Fast food gobbling larvae could replace soy in livestock diet
Larvae such as those of the black soldier fly (BSF) can form an important new link in circular agriculture. They grow well on unused waste streams such as catering waste or pig manure, which are currently not yet permitted to be fed to insect larvae. This allows us in the future to utilize nutrients that until now ended up in the incinerator. This is the outcome of research by Wageningen Livestock Research. Thanks to a recent amendment to the European law, the larvae can be used as pig or chicken feed.
“One of the missions of circular agriculture is to reduce residual and waste flows,” explains researcher Teun Veldkamp. He works at Wageningen Livestock Research and does a lot of research into the rearing of insects and the application of insect products. “If we can bring lost proteins back into the nutrient cycle, less external protein such as soy is needed. These larvae are true omnivores; they eat almost everything. They are therefore champions in upgrading waste streams that we humans no longer wish to use.”
Veldkamp and colleagues conducted a trial in which they investigated the growth of larvae on different diets: “We used 7 plastic containers with thousands of larvae. In each container different substrates were provided:
- Catering waste (SW, waste from (fast food) restaurants)
- Solid pig manure (PMS)
- Liquid pig manure mixed with chicken feed (PMLCF),
- Digestate (BTFS, a by-product from the sugar industry)
- Olive pulp (OP)
- Roadside silage grass (SG)
- Control group: regular chicken feed (CF)
Each container with a substrate was replicated three times so in total 21 containers with in total 7 substrates were tested.
The results were promising when it comes to catering waste and solid pig manure. The larvae that were fed catering waste even became almost twice as heavy as the control group.
Ammonia and CO2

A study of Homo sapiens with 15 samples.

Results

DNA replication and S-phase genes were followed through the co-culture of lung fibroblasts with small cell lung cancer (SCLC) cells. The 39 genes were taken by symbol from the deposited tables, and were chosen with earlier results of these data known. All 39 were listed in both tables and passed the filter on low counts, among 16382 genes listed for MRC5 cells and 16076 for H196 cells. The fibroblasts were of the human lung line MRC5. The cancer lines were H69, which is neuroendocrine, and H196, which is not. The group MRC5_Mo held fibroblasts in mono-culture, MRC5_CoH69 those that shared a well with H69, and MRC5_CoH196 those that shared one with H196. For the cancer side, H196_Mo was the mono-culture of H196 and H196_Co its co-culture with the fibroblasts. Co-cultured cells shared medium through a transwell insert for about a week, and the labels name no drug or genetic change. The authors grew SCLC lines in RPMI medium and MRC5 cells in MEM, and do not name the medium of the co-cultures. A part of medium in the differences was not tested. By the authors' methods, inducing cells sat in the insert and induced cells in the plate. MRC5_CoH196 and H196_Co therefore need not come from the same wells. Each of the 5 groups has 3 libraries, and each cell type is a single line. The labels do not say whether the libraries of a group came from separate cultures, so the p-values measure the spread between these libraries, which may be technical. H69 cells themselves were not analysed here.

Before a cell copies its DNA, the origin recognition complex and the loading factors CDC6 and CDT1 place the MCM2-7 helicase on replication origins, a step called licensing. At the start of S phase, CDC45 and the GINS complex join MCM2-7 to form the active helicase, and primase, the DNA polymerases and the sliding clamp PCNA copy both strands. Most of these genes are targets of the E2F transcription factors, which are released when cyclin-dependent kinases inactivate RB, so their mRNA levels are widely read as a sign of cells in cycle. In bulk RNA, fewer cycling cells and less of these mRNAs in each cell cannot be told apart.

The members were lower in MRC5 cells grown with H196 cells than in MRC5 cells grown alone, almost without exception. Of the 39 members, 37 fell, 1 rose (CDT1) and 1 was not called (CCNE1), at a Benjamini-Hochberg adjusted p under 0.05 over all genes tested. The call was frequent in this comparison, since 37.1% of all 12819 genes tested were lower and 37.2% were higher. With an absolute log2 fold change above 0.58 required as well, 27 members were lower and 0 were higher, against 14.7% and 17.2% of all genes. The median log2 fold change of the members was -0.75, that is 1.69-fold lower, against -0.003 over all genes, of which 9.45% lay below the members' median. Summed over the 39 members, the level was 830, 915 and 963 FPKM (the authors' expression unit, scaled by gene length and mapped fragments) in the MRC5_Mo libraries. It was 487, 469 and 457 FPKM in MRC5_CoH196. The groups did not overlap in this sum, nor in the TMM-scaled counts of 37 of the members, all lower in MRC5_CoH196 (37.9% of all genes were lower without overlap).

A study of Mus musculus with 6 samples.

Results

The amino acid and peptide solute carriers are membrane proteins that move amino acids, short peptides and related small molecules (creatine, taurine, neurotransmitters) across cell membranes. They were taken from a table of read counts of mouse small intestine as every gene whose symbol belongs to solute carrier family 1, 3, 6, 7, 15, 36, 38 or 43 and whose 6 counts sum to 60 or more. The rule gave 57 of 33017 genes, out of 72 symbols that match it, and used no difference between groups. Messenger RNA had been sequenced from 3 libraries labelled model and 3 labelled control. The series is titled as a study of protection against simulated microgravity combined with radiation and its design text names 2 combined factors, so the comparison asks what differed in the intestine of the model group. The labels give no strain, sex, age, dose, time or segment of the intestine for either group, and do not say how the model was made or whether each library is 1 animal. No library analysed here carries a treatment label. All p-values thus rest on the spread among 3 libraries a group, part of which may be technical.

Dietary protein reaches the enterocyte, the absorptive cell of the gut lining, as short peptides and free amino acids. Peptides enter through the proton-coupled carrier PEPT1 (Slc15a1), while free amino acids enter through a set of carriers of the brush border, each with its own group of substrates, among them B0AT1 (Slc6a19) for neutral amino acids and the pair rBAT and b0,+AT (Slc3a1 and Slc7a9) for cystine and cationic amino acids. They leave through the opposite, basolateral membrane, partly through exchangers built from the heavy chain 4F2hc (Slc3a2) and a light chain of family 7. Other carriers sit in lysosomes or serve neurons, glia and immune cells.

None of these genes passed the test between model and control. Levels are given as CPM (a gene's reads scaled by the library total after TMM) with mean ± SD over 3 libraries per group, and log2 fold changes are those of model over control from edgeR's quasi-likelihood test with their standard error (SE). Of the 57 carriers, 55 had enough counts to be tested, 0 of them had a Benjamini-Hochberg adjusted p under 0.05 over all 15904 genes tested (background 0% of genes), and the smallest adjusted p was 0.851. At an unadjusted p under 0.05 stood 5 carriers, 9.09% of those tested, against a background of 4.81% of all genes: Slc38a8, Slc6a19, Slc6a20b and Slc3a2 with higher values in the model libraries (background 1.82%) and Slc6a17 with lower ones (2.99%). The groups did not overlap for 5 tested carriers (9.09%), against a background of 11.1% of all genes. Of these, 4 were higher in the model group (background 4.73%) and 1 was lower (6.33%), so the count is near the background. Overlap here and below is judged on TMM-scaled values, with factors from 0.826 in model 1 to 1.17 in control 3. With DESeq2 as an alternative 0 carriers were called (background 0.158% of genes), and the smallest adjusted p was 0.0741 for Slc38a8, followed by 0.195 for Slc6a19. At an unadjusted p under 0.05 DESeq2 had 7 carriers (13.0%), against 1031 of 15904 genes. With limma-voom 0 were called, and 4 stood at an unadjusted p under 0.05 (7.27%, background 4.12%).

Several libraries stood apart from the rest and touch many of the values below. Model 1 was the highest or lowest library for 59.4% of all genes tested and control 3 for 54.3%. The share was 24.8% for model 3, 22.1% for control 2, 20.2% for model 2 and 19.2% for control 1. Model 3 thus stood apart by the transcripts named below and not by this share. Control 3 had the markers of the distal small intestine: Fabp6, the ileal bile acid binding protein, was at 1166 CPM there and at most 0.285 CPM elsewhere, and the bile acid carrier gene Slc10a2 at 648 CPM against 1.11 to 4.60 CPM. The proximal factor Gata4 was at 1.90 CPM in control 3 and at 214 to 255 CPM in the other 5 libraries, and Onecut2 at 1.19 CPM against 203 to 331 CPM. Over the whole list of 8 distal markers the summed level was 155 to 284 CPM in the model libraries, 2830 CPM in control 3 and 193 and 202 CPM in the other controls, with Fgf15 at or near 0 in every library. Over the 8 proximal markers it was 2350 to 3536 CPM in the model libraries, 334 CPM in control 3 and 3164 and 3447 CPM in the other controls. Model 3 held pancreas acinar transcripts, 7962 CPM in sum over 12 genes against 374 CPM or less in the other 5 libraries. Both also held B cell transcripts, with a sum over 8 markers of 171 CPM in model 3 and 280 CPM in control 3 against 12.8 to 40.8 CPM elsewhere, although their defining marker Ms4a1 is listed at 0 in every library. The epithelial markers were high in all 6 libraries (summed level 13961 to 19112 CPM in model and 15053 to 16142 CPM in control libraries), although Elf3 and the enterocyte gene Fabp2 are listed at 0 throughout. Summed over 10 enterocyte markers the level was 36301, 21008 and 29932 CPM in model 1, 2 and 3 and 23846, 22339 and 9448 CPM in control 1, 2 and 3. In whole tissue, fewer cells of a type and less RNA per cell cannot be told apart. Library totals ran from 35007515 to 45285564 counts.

The researchers also measured the emissions above the containers. This shows a direct relationship with the well or poorly performing waste streams. For catering waste and pig manure, CO2 emissions were high, but ammonia was low. The opposite was true for the underperforming olive pulp and silage grass. “And that makes sense”, explains Veldkamp, “Olive pulp and roadside silage grass are rich in fiber and that is more difficult to digest, even for a larva.”
What is next?
“In summary, it seems that larvae can form an important new link in circular agriculture,” says Veldkamp. “Previous research by my colleague Soumya Kar, for example, has shown that piglets fed BSF are just as healthy, or even healthier than piglets that are fed regular food.
In follow-up research, we looked at how the larvae grew on substrates that differed in chemical composition and also how this affected the chemical composition of the larvae and the frass (combination of insect droppings, larvae skins from the different stages of development, and substrate that remains behind). Publications on this research are still in development.”
This research is part of the Knowledge Base program 34 Circular and Climate Neutral of the Dutch Ministry of Agriculture, Nature and Food Quality. The same ministry finances this research.